Greenhouse is PDR’s ‘roll your sleeves up’ training in service design and policy design. For the April instalment, we had participants from HMRC, Northern Ireland Innovation Lab, Valletta Design Cluster, Financial Conduct Authority, Cisco, St John’s Ambulance, Faculty of Design at University of Primorska in Slovenia, Department for Education, the charity sector and Future Cities Catapult.
In order for the groups to apply the tools and techniques in a practical scenario, the Life Sciences Hub nominated a challenge for us to work on.
Established in 2014, the Hub is an arms-length body of the Welsh Government with swanky offices in a prime location in Cardiff Bay. The Hub's original mandate was to support businesses in the life sciences sector in Wales however it has recently undergone a repurposing process.
As part of a new focus on developing opportunities for creating value from NHS-industry engagement, and connecting all stakeholders in the life sciences sector with the NHS, the challenge set for Greenhouse was:
How can we effectively engage with users? What is the user journey? What is the offer?
Against the backdrop of this challenge, over two and a half days, the participants explored a series of service design and policy design tools including Problem Definition, Stakeholder Mapping, Policy Mapping, User Research Framework, Insights Downloading, User Journey Mapping, Ideation, Storyboarding and Paper Prototyping.
The groups were able to conduct user research and put the User Research Framework into action by interviewing staff at the Hub, small businesses and bid development experts. Based on this exercise, the teams identified a series of striking user insights.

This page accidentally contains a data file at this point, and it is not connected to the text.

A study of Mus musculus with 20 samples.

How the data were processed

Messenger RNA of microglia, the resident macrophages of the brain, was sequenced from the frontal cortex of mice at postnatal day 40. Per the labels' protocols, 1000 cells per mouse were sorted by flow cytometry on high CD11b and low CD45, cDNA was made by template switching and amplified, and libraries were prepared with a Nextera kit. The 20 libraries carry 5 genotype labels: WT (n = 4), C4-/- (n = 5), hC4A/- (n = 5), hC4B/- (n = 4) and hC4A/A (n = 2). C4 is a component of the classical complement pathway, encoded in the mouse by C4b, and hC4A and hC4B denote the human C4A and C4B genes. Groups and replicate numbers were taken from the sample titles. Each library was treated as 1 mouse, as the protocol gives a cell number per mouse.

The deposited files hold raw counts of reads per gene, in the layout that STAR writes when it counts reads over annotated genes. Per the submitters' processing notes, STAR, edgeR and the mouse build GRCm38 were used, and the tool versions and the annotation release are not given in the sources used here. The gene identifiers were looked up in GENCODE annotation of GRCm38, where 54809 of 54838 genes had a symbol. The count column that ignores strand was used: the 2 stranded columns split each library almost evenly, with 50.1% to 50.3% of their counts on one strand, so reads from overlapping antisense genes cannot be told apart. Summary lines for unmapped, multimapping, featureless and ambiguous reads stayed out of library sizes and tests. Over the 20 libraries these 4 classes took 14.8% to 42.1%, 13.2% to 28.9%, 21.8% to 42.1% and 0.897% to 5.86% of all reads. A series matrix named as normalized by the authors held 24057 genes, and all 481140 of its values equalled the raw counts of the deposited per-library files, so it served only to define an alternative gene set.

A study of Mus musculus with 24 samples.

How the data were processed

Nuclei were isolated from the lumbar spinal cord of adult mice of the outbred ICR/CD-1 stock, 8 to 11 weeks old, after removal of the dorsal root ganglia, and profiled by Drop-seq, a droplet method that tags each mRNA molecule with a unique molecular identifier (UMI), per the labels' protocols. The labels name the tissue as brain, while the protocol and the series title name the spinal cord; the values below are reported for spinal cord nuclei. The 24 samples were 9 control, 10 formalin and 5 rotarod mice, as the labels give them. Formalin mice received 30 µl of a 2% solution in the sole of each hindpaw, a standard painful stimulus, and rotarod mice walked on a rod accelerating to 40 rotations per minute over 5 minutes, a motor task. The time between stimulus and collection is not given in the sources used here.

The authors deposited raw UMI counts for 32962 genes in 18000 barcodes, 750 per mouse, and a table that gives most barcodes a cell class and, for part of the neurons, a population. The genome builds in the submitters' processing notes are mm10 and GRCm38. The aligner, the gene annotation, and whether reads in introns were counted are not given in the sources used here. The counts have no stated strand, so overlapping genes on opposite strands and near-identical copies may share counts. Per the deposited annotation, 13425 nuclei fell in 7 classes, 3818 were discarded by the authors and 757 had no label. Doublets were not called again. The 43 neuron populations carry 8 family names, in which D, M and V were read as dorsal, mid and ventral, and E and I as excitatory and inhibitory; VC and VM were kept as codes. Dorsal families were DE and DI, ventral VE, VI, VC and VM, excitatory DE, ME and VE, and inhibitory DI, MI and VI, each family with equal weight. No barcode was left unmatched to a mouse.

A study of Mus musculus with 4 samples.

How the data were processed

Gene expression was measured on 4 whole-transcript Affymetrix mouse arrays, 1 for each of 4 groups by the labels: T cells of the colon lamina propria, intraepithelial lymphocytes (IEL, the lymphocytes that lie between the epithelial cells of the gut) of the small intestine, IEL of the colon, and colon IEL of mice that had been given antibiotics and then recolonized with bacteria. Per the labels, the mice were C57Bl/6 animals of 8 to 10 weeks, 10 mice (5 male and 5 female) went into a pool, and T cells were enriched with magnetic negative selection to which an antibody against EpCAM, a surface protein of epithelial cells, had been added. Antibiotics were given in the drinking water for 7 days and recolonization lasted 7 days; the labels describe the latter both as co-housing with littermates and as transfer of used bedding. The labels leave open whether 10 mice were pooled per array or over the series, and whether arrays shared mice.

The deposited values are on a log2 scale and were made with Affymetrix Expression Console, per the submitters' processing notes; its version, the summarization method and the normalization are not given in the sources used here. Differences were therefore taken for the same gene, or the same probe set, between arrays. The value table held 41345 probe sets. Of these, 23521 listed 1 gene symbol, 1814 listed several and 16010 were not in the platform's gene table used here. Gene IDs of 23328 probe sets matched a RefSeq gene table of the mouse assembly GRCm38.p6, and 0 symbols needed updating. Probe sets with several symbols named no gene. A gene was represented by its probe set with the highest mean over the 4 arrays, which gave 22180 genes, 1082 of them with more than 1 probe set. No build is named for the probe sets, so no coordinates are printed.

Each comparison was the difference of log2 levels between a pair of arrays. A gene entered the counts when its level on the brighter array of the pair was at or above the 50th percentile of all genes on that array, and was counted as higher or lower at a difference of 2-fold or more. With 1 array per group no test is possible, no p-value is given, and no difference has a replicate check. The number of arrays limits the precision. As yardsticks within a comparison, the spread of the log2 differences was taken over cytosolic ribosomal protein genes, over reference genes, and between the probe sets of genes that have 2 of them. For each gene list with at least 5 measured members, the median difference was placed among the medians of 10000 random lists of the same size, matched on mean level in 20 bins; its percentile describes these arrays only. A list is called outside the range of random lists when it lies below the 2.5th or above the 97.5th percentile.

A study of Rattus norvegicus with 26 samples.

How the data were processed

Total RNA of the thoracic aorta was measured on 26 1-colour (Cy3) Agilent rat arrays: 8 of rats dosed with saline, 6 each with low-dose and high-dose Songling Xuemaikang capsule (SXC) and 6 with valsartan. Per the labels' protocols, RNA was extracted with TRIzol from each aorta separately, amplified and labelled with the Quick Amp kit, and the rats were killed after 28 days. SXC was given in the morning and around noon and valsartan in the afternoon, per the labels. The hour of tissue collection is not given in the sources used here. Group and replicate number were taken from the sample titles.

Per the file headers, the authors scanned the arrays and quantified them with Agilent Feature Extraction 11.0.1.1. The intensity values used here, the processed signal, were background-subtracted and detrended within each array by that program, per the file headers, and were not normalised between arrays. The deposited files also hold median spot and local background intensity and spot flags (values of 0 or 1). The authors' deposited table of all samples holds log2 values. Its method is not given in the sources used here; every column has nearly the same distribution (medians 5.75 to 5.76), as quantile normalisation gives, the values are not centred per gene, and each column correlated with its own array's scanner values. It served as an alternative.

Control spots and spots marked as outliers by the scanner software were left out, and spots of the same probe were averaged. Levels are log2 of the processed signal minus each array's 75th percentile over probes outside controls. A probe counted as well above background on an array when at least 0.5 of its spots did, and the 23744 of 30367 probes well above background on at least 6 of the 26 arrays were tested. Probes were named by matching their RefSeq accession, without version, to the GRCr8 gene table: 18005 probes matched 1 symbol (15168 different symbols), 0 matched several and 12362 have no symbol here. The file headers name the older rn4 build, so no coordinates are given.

User Journey Mapping
A key exercise that was particularly relevant in this process was user journey mapping, identifying all the stages at which small businesses engage with the Hub from the first time they hear about the Hub through to applying for the NHS procurement framework. The exercise enabled the participants to pinpoint the pressure points in the current engagement process and to identify opportunities for further improvement.
Having tried their hand at user research, user journey mapping and consolidating their insights, the groups turned to ideas generation. We guided the groups through a series of different ideation techniques and they were able to focus on the ideas that inspired them the most. The ‘Procurement Light’ team explored how the Hub might add value for small firms looking to get onto the NHS procurement framework by setting up a dedicated function within the Hub. The ‘Matchmaking’ group proposed a dating-style app using an algorithm to match small businesses with NHS staff. The ‘Focus’ team proposed a step-by-step process following a design methodology focused on the needs of users (small businesses/NHS) rather than stakeholders (Welsh Government/funders).
Feedback from Life Sciences Hub
The Hub was overwhelmed by the insights and ideas generated by the groups. In particularly, the insights gathered resonated with observations they had already made. They recognised the need to focus on a small number of service offerings and engage more effectively to support SMEs to scale ‘Mount Procurement’. Effectively, what the groups designed was a more user-centred approach to engagement and the Life Sciences Hub is now considering whether a design approach might be effective for understanding the real needs of small businesses and NHS staff.
Read reflections on Greenhouse by one of the participants: https://brilliantminds.blog/2018/05/02/three-things-ive-learned-about-design/
If you are interested in finding out more about Greenhouse or would like to join us on the next one, please contact Piotr on [email protected].